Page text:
Stories like this are why I love movies. This film is everything that is good about filmmaking. The Fault in Our Stars is about two teenagers who meet in a cancer support group and fall in love. Based on the book, and adapted beautifully, Fault gives a real and human view about people dealing with a terminal disease.
It was the kind of film I knew I would need to see alone. So when it was on my flight from Hong Kong back to the US, I waited till most of the passengers were sleeping so I could have a good snot-filled cry off at 37,000. In this day and age, it’s hard to find someone who hasn’t been affected by cancer in some way or another. The “lost their battle to cancer” phrase is heard way too often, which could lead a story like this down a boring road littered with dumb clichés. Fault does just the opposite and talks about cancer and death in very real terms. It’s messy and not easy because who the hell is ready to deal with having childhood taken away by a terminal illness? Certainly not these characters! (Which is why I loved this film.)
It reminded me of the Seth Rogen, #JGL film 50/50, which was also about cancer. The humor that comes from a brutal unfair reality is something I can relate to, as this is how most comedians deal with pain. Gut-punch funny about something as harsh as cancer and death is a way to take back the freedom of life from the jaws of some asshole monster who’s only purpose is to shit on sunny days and make children cry. I mean why the fuck did my brother-in-law’s younger brother die in his 20’s? Or my funny friend Sam Brown? Sam was a comic that I met when I first moved to LA in the mid 90’s. He died last year in his 40’s, leaving behind a wife and children. Yeah, that’s fair. So when these teenage kids are trying to have lives while caring around an air tank, blindness, or fake leg, it stands to reason that they might have a little different perspective than everyone else.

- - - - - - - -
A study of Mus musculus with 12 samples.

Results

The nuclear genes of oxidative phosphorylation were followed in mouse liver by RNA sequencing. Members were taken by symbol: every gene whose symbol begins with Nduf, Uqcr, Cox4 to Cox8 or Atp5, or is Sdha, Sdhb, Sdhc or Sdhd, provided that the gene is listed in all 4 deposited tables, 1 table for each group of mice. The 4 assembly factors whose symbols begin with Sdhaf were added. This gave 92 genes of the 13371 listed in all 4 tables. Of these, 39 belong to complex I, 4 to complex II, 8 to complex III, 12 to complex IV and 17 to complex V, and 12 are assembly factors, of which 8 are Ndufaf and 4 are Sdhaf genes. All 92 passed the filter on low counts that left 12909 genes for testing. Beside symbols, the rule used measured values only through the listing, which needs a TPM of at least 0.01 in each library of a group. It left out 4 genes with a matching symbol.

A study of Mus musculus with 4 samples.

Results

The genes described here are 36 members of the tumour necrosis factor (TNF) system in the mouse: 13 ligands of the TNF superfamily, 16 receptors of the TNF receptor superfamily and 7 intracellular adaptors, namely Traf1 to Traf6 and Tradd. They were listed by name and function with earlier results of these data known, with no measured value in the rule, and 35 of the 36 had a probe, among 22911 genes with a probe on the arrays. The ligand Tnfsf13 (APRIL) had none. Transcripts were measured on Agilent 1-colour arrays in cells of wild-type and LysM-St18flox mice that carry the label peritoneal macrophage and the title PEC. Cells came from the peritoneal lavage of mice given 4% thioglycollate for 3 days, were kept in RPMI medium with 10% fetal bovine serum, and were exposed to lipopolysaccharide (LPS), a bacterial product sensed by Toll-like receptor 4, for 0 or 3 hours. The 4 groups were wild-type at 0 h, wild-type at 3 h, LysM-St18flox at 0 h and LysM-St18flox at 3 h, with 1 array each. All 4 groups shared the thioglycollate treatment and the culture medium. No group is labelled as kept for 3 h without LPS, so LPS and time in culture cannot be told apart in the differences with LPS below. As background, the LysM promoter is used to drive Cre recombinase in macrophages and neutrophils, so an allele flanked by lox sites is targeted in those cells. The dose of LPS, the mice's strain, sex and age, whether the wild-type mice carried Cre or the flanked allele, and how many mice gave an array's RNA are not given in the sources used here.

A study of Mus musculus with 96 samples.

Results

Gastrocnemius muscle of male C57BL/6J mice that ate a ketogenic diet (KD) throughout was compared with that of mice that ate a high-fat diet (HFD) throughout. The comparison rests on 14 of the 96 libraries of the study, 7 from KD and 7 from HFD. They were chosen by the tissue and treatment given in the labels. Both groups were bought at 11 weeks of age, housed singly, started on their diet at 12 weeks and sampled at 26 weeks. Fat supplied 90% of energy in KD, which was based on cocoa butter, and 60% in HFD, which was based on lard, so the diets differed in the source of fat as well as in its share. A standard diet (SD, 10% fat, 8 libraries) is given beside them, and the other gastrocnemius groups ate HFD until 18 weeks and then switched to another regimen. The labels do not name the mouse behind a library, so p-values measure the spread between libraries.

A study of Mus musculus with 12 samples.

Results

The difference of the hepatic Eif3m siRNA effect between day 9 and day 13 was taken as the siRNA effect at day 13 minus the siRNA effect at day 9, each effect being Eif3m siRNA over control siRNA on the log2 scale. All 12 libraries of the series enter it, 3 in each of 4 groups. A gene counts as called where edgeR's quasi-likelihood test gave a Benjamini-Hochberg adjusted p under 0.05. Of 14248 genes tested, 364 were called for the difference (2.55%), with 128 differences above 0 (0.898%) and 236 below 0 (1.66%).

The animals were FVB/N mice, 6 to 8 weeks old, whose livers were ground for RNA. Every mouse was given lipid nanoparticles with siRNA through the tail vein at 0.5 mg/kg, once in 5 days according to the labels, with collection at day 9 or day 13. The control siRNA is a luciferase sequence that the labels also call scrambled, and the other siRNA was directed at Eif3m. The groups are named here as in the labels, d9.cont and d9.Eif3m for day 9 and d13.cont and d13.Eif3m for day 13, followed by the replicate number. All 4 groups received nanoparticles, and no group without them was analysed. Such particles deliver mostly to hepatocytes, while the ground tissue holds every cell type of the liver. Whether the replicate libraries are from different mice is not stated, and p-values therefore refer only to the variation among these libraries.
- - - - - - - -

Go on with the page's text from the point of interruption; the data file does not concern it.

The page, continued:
Adapting a novel is not easy, especially when it’s critically acclaimed. This screenplay was tight, from the dialogue to story structure to all the character arcs. No one felt fake or 2-dimensional. And the acting by Shailene Woodley and Ansel Elgort, along with great supporting by Laura Dern, was solid. Even the small appearances by Willam Defoe were painfully human. I hope to see more from director Josh Boone (Stuck In Love). My only regret was I didn’t see this in a movie theater. If you haven’t seen this film go Palm Strike yourself for not and then get the most out of life. Squeeze everything you can out of every day because it is very short and you never know when it’s over. Travel, try something new, and fall in love. I’m going to open my heart up and shine the beacon of hope and deep profound love to all I meet, except for Michael Bay and patent trolls. Those guys need help.